In 2014, Social Security is expected to pay $863 billion in benefits to more than 59 million Americans. The government agency plays a vital role in the livelihood of so many individuals, but the complexity of the rules governing the program’s benefits remains a major source of confusion. For many, Social Security is synonymous with retirement benefits. It is not unusual for a person to be unaware of other categories of benefits such as disability, dependent’s, and survivor’s benefits. Knowledge about Social Security benefits can be empowering during inevitable periods of life transition.
At Santa Barbara Estate Services, we understand the complexities of large government agencies such as the Social Security Administration. This is why we proudly offer assistance with navigating government benefit programs. We hope that this basic information about Social Security benefits will prove to be helpful to you and your family.
As we work and pay into the Social Security system (via FICA taxes), we earn ‘credits’ or quarters of coverage toward Social Security benefits. A worker can earn up to 4 credits per year. A worker must have earned at least 40 credits to become eligible for Social Security benefits. Though the full retirement age for benefit entitlement is increasing (age 67 for people born 1960 and later), a person can still elect reduced benefits as early as age 62. Keep in mind that, if benefits are claimed prior to full retirement age, a person must be at least partially retired and have earnings below Social Security’s mandated earnings limit for the year.
There are many myths and points of misunderstanding regarding the Social Security disability program. What conditions are likely to qualify a person for disability benefits? Is there an age limit for disability benefits? These questions and more are often asked by individuals trying to grasp a better understanding of Social Security disability. In general, a personal must have a mental or physical condition that is expected to keep him or her from performing substantial work for at least a year. For clarification, a worker who has had to stop working due to illness does not have to wait a year before filing for benefits. If the condition is expected to prevent substantial work for at least one year, the worker can contact Social Security to file a claim for disability benefits at the time that work is discontinued.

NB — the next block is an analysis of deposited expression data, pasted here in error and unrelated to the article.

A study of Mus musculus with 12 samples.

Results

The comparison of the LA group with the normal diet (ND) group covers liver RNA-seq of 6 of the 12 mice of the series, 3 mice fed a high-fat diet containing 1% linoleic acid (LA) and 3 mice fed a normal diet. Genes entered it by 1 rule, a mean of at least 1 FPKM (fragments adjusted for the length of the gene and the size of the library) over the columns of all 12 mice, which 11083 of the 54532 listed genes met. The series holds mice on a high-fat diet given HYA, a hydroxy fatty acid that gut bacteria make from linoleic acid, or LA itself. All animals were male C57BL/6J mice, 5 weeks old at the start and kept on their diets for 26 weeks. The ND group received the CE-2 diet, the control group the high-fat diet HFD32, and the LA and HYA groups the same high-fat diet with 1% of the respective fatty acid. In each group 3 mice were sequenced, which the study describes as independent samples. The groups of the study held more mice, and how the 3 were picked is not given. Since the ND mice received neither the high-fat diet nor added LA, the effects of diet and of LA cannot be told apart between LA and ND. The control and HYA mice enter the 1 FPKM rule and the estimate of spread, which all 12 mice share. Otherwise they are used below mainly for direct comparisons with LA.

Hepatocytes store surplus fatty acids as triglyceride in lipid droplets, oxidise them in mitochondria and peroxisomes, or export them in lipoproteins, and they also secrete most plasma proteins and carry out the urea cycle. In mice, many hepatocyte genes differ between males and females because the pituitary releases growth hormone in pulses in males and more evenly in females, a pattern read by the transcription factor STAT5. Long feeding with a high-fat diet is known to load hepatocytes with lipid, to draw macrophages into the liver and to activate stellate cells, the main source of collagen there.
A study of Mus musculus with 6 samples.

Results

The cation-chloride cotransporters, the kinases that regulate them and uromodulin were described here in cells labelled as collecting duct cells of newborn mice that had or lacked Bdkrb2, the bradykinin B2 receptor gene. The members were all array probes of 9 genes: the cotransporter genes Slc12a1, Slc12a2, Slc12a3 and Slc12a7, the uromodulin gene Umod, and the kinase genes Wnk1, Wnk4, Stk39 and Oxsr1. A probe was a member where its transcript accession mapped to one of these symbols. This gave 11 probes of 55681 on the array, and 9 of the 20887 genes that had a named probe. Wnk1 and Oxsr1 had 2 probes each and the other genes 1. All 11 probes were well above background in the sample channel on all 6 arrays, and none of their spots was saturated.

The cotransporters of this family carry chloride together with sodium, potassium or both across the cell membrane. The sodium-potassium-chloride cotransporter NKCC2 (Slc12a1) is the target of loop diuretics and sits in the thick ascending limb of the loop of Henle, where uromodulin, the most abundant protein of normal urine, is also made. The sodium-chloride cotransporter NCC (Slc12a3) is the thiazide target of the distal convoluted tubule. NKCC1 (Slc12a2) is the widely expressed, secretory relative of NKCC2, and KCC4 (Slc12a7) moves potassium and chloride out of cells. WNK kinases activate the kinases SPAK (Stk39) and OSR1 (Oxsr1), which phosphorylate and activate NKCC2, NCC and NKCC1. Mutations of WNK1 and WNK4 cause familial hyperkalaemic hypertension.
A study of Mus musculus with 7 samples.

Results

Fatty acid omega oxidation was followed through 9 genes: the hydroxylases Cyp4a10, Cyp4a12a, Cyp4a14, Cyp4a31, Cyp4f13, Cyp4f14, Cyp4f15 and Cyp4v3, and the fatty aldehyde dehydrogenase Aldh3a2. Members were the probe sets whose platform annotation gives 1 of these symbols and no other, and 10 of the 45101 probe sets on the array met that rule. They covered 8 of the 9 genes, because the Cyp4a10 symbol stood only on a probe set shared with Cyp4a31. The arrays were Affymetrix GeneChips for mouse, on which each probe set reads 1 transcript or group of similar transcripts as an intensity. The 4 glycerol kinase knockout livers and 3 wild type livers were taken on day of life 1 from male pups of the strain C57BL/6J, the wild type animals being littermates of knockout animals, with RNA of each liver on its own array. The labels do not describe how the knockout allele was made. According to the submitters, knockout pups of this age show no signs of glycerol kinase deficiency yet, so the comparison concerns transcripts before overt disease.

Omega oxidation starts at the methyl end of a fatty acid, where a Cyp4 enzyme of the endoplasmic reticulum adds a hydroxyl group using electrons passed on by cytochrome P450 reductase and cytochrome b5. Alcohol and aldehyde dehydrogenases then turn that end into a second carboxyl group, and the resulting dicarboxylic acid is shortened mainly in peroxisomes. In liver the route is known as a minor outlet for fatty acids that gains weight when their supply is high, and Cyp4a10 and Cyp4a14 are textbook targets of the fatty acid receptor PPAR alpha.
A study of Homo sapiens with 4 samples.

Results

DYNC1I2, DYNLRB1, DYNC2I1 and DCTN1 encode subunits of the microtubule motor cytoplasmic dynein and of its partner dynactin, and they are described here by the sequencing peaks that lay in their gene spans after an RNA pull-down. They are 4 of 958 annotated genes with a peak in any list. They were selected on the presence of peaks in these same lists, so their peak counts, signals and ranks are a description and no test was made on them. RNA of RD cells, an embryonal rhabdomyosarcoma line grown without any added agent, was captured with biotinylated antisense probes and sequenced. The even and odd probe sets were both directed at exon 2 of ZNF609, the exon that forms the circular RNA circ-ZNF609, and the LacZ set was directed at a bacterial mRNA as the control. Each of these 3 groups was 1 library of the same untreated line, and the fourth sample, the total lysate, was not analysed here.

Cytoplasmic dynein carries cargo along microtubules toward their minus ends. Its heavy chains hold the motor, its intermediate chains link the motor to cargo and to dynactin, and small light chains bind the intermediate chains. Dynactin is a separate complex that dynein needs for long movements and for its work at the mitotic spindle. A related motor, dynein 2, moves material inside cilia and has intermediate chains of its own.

Benefits for Dependents
Social Security has several categories of benefits for the dependents of a retired or disabled beneficiary. Children under the age of 18 can become entitled to benefits on the record of a parent who receives retirement benefits, disability benefits, or who is deceased. Spouses may also receive similar categories of dependents’ benefits.
The death of a loved one is certainly a challenging life transition that involves a great deal of grief and stress. Having to navigate various government agencies and other business entities during such a time can be made even more trying when there is limited knowledge about these organizations and agencies. Much like dependent’s benefits, survivor’s benefits are paid to surviving spouses (widows/widowers) and minor children.
When it comes to dealing with Social Security, knowledge is power. We hope that you will contact us so that we can assist you with finding the answers to your Social Security questions.